Surveying is the process by which a surveyor measures certain dimensions that generally occur on the surface of the Earth. Surveying equipment, such as levels and theodolites, are used for accurate measurement of angular deviation, horizontal, vertical and slope distances. With computerization, electronic distance measurement (EDM), total stations, GPS surveying and laser scanning have supplemented (and to a large extent supplanted) the traditional optical instruments. This information is crucial to convert the data into a graphical representation of the Earth's surface, in the form of a map. This information is then used by civil engineers, contractors and even realtors to design from, build on, and trade, respectively. Elements of a building or structure must be correctly sized and positioned in relation to each other and to site boundaries and adjacent structures. Although surveying is a distinct profession with separate qualifications and licensing arrangements, civil engineers are trained in the basics of surveying and mapping, as well as geographic information systems. Surveyors may also lay out the routes of railways, tramway tracks, highways, roads, pipelines and streets as well as position other infrastructures, such as harbors, before construction.
In the United States, Canada, the United Kingdom and most Commonwealth countries land surveying is considered to be a distinct profession. Land surveyors are not considered to be engineers, and have their own professional associations and licensing requirements. The services of a licensed land surveyor are generally required for boundary surveys (to establish the boundaries of a parcel using its legal description) and subdivision plans (a plot or map based on a survey of a parcel of land, with boundary lines drawn inside the larger parcel to indicated the creation of new boundary lines and roads), both of which are generally referred to as cadastral surveying.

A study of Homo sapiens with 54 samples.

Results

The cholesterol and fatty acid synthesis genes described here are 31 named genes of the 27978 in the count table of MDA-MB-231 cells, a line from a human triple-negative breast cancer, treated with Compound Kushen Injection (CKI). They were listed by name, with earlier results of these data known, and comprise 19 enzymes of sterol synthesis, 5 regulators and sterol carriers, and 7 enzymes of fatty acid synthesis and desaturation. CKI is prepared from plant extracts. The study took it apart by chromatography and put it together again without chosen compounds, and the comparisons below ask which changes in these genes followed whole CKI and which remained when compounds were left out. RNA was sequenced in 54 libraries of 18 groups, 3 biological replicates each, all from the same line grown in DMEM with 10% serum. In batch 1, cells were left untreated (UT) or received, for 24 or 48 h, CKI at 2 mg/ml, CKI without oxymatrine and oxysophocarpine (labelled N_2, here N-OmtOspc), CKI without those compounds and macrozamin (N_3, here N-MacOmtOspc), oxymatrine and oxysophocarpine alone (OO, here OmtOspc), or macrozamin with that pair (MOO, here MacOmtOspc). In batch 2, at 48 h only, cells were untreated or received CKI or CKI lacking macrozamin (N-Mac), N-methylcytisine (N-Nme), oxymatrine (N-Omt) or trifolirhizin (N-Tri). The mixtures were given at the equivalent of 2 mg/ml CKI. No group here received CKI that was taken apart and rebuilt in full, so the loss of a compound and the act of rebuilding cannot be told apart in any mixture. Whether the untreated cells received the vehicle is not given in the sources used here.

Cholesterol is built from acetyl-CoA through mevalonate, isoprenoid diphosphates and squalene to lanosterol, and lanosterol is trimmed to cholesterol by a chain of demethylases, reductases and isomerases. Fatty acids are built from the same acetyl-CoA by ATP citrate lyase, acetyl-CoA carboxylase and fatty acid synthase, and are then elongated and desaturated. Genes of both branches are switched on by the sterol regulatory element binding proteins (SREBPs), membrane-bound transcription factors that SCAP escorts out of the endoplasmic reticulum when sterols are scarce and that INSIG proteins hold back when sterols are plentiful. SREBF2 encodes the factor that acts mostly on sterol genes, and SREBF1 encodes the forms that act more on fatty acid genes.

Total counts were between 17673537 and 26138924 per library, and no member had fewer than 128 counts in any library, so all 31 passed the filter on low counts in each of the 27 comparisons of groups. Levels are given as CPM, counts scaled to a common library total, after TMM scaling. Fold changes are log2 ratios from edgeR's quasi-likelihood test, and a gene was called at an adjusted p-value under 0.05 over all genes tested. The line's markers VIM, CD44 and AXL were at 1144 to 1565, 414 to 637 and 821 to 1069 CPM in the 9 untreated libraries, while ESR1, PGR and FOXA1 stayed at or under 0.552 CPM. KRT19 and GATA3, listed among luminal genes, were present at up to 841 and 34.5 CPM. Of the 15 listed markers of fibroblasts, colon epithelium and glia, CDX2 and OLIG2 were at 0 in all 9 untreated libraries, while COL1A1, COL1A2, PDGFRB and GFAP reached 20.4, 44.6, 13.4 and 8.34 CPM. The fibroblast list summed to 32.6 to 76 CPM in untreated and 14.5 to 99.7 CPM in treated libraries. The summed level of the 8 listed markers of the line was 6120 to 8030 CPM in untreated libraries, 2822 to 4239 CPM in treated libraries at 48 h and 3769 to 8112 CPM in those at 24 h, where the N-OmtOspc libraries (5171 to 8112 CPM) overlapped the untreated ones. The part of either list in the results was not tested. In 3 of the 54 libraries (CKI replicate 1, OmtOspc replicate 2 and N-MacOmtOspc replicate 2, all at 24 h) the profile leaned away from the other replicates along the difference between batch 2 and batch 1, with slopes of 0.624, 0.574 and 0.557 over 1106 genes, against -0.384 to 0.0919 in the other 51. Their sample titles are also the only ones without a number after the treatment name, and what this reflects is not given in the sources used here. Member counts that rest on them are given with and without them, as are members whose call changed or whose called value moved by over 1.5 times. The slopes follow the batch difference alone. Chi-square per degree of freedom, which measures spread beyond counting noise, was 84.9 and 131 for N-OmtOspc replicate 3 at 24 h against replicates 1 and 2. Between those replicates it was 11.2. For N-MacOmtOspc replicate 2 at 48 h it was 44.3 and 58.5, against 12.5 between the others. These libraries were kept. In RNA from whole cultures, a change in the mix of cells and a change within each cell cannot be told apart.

Construction surveying is generally performed by specialized technicians. Unlike land surveyors, the resulting plan does not have legal status or site development new jersey. Construction surveyors perform the following tasks:
Survey existing conditions of the future work site, including topography, existing buildings and infrastructure, and even including underground infrastructure whenever possible;
Construction surveying (otherwise "lay-out" or "setting-out"): to stake out reference points and markers that will guide the construction of new structures such as roads or buildings for subsequent construction;
Verify the location of structures during construction;
As-Built surveying: a survey conducted at the end of the construction project to verify that the work authorized was completed to the specifications set on plans.